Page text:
Steps for Using Tabeau
Tableau is a robust visualization tool capable of serving many roles in modern organizations. From data discovery to ad-hoc analysis to enterprise reporting, Tableau provides the functionality to give business users quick and useful access to their data. Report scheduling and Data Governance capabilities enhance this access and the quality of reporting. Many businesses now seek to utilize Tableau as an enterprise reporting tool, but they must take the necessary steps to be successful and ensure Tableau is the correct software choice for their needs.
Is Tableau a viable option for enterprise level reporting?
Two major benefits of Tableau are that it is data-layer agnostic and works well with almost any data architecture, allowing power users the ability to access data outside of the enterprise data warehouse and reporting cubes. The same tool can also be used in these main data layers across the organization, from IT to business-facing users. The ability to load external excel and flat files directly for reporting gives the users the flexibility to run ad-hoc reporting without requiring data to be loaded to a central repository or data warehouse. However, potential roadblocks could arise if proper oversight and standards are not in place.
If a company decides to use Tableau as an enterprise reporting tool, Data Governance must be in place before user access is allowed. Tableau provides the functionality for administrators to apply field definitions, groups, filters, calculated fields, and standard table definitions. Applied properly, this gives business users accessing company data usable logic and a single source of truth. However, there’s a balance between flexibility and governance that needs to be considered with every deployment. To provide the organization with a guaranteed source of truth, business rules should be standardized and built in. This is a good initial step. However, without removing the ability to customize fields and calculations, users will still have the flexibility to adjust calculations or choose improper fields. If the ability for users to customize is removed, then they are losing some of the most powerful aspects of Tableau. Other enterprise applications can provide the structure and governance, while Tableau is superior for visualizations and flexibility.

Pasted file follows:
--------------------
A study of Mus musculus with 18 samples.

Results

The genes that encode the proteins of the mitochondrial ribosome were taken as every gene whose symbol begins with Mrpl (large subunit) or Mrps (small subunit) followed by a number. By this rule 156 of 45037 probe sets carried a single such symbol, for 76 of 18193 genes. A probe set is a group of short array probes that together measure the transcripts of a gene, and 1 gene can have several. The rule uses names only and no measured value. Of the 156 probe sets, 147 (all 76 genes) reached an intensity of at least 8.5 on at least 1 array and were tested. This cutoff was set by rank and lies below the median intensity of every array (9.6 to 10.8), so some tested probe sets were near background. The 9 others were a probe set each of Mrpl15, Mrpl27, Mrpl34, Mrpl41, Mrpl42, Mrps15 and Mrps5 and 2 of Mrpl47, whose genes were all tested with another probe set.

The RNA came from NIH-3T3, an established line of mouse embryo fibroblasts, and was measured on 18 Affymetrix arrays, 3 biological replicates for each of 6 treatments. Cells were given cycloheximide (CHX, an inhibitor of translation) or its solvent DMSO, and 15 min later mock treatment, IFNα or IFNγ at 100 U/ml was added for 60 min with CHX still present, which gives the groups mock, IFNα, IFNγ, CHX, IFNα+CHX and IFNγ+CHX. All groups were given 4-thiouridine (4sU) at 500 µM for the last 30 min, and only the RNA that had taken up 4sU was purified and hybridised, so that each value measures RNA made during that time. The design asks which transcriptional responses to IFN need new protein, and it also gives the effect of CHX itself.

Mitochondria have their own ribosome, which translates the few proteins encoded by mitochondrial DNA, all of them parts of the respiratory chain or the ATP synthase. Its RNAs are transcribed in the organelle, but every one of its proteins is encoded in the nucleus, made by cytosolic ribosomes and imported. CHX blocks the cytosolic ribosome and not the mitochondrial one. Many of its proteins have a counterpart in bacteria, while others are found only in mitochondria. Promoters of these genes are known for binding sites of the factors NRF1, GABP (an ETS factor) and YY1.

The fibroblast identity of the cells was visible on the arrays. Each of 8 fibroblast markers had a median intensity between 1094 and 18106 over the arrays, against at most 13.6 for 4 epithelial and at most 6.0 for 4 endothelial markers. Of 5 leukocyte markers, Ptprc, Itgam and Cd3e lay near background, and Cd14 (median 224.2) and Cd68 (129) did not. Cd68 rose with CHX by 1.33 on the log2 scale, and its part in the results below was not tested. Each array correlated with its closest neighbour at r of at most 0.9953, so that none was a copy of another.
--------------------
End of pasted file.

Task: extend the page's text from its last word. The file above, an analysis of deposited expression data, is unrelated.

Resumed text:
Today’s fast-paced work environments have created a greater demand for more timely and accurate data, and Tableau’s report scheduling tool satisfies this business need. Multiple applications within an organization require the ability to schedule, run, and deliver reports. C-level employees can utilize operational dashboards delivered each morning, or weekly status reports from the General Ledger, and users responsible for Data Quality can receive data volume and variation reports. These examples highlight just a few of the many uses for scheduling reports.
Tableau is a great data visualization tool that offers companies the flexibility and strength to enhance their reporting capabilities. Used under administrator supervision, Tableau can be leveraged for data visualization and reporting, but without the proper oversight and diligence it is not yet a full replacement for Enterprise Reporting.